Ring shots are one of my favorite detail shots of the wedding day. Today, I'm going to discuss how this shot was put together.
- Canon Mark 5D Mark III
- Canon 100mm 2.8 Macro
1/320 F/5.0 ISO 1600
White Balance: I shot in Kelvin, and put the temperature to 5400K to keep the shot on the warmer side. You can see the effects of shooting in Kelvin in Live View mode
Focus: I used back button focusing, and put the focal point on the part between the diamond prong, and the band
- The engagement ring of course. You can add in the two wedding bands as well
- White paper (You can use any plain material or even a white poster board as the bottom background)
- The Family Joolz Square Ring Box
- Ribbon spool by Silk Ribbon Florentes
- Fake flowers from Michaels
1. I put the background layer next to a large window
2. I put the ring into the box, and started to build around it
3. I wanted to show the silkiness of the ribbon, so I wrapped it around the ring
4. I added in some pink flowers on the top, and a little bit of white flowers on the bottom right area
Tip: use details that match the wedding colors!
I edited on Adobe Lightroom, and here were the settings I used. Here is the unedited version of the photo.
After importing your photo, go to the Develop tab.
1. White balance: I left it As Shot (Since I shot in Kelvin, I didn't have to adjust the temperature)
2. Exposure: +.72 (My style is on the brighter side, so I increased the exposure)
3. Contrast: +27 (Adding a little bit of contrast on detail shots help add pop)
4. Highlights: -29 (When you increase the exposure, some of the areas become blown out, so I decrease the highlights to compensate for that)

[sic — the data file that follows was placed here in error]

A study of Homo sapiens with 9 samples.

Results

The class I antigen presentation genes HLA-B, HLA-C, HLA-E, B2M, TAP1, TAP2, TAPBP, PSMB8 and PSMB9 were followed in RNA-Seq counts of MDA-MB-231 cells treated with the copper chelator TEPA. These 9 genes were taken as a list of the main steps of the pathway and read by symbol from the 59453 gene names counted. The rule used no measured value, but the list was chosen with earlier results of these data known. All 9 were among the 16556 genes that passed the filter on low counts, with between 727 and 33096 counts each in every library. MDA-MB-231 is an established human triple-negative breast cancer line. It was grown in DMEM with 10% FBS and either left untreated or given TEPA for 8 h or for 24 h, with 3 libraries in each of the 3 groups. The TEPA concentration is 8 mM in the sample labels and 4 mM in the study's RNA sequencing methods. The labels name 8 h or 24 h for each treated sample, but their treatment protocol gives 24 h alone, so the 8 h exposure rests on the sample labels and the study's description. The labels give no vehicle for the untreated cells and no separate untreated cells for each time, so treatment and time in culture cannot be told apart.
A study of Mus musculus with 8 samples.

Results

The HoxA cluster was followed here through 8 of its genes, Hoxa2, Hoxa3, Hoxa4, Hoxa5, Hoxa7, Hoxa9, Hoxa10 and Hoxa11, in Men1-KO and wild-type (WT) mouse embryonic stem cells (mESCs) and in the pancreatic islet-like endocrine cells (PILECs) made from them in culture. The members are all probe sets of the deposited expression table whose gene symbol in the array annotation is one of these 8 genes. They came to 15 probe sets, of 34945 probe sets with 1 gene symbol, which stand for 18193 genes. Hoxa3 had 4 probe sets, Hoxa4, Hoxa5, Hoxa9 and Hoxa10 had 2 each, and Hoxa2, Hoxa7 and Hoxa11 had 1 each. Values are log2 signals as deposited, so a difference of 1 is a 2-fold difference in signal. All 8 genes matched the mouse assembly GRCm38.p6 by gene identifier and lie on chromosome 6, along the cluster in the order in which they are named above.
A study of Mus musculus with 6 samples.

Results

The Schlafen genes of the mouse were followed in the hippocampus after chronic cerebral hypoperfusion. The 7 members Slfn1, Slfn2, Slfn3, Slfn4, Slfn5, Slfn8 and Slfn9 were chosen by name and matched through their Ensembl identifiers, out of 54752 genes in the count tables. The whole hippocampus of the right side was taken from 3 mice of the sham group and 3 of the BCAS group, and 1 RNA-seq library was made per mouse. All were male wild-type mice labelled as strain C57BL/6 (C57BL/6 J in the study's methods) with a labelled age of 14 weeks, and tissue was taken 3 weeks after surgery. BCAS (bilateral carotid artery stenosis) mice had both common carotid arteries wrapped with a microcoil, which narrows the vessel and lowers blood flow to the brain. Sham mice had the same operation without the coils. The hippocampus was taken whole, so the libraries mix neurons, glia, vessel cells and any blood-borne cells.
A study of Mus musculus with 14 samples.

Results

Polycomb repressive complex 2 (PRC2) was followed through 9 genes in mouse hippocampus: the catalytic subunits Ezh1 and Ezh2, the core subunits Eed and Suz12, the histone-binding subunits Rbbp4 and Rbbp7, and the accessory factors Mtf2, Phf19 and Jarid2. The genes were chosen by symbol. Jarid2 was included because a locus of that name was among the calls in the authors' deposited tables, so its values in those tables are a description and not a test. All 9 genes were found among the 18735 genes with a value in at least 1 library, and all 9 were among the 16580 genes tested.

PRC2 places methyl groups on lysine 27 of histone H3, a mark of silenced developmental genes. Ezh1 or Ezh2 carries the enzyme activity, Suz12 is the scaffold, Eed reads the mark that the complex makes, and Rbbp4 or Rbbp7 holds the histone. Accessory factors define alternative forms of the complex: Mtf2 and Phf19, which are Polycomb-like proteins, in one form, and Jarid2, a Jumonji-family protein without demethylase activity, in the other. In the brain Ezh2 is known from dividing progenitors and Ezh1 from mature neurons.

5. Shadows: +22 (I brighten the shadows and blacks to lighten up the heavy areas)
6. Blacks: +15
7. Clarity: +5 (I don't typically increase the clarity, but a little bit makes the ring pop!)
8. Saturation: +6 (I also only use saturation on my detail shots. Increasing the saturation on people makes skin tones look funny)
1. Highlights: -29 (This also help with the blown out areas from increasing the exposure)
2. Lights: +19 (This is another thing that adds pop to your photos)
3. Darks: +18 (The darks help lighten the dark areas)
4. Shadows: -38 (Bringing down the shadows add back in some details from brightening the overall image from the exposure and shadows/black increases)
Note: Decreasing the saturation removes the color, while increasing in adds in more color of that color tone. Decreasing the luminance brings in more of the color, while increasing it will lighten the color. If you pull the hues to the left or to the right, you can see how it affects the colors.
Red: +8 Saturation -11 Luminance (This adds in some colors for the pink ribbon and flowers)
Orange: -28 Saturation (I noticed some orange in the background, so I decreased the oranges)
Yellow: -12 Hue (If you look at -100 on the hue, it makes the yellows more red while +100 makes the yellows look more green. Since there were lots of yellows, I brought the hue closer to the red side) -32 Saturation (I used this to decrease the saturation)
Green: +20 (Bringing it to the right makes the greens more blue green, while bringing it to the left makes the greens more yellow brown)
Sharpening Amount: +35 (I added in some sharpening to add in some clarity to the ring)
Profile: Check mark "Enable Profile Corrections"
- Each lens adds a little bit of vignetting on the corners of the photo. It's more obvious in wider lenses, but I enable this on all my photos to remove the vignette
Hue: +25 (This gives it a little bit of the film look)
On the tool bar right below the histogram on the top, find the little icon for the Adjustment Brush. You can also just push "K"
This brush tool lets you adjust parts of the image. I decreased the saturation to -18, and brushed the diamond and box to remove the yellow and orange tint.
I hope this gave you some insight to my editing process. Hopefully I can blog more tips in the future that will help you!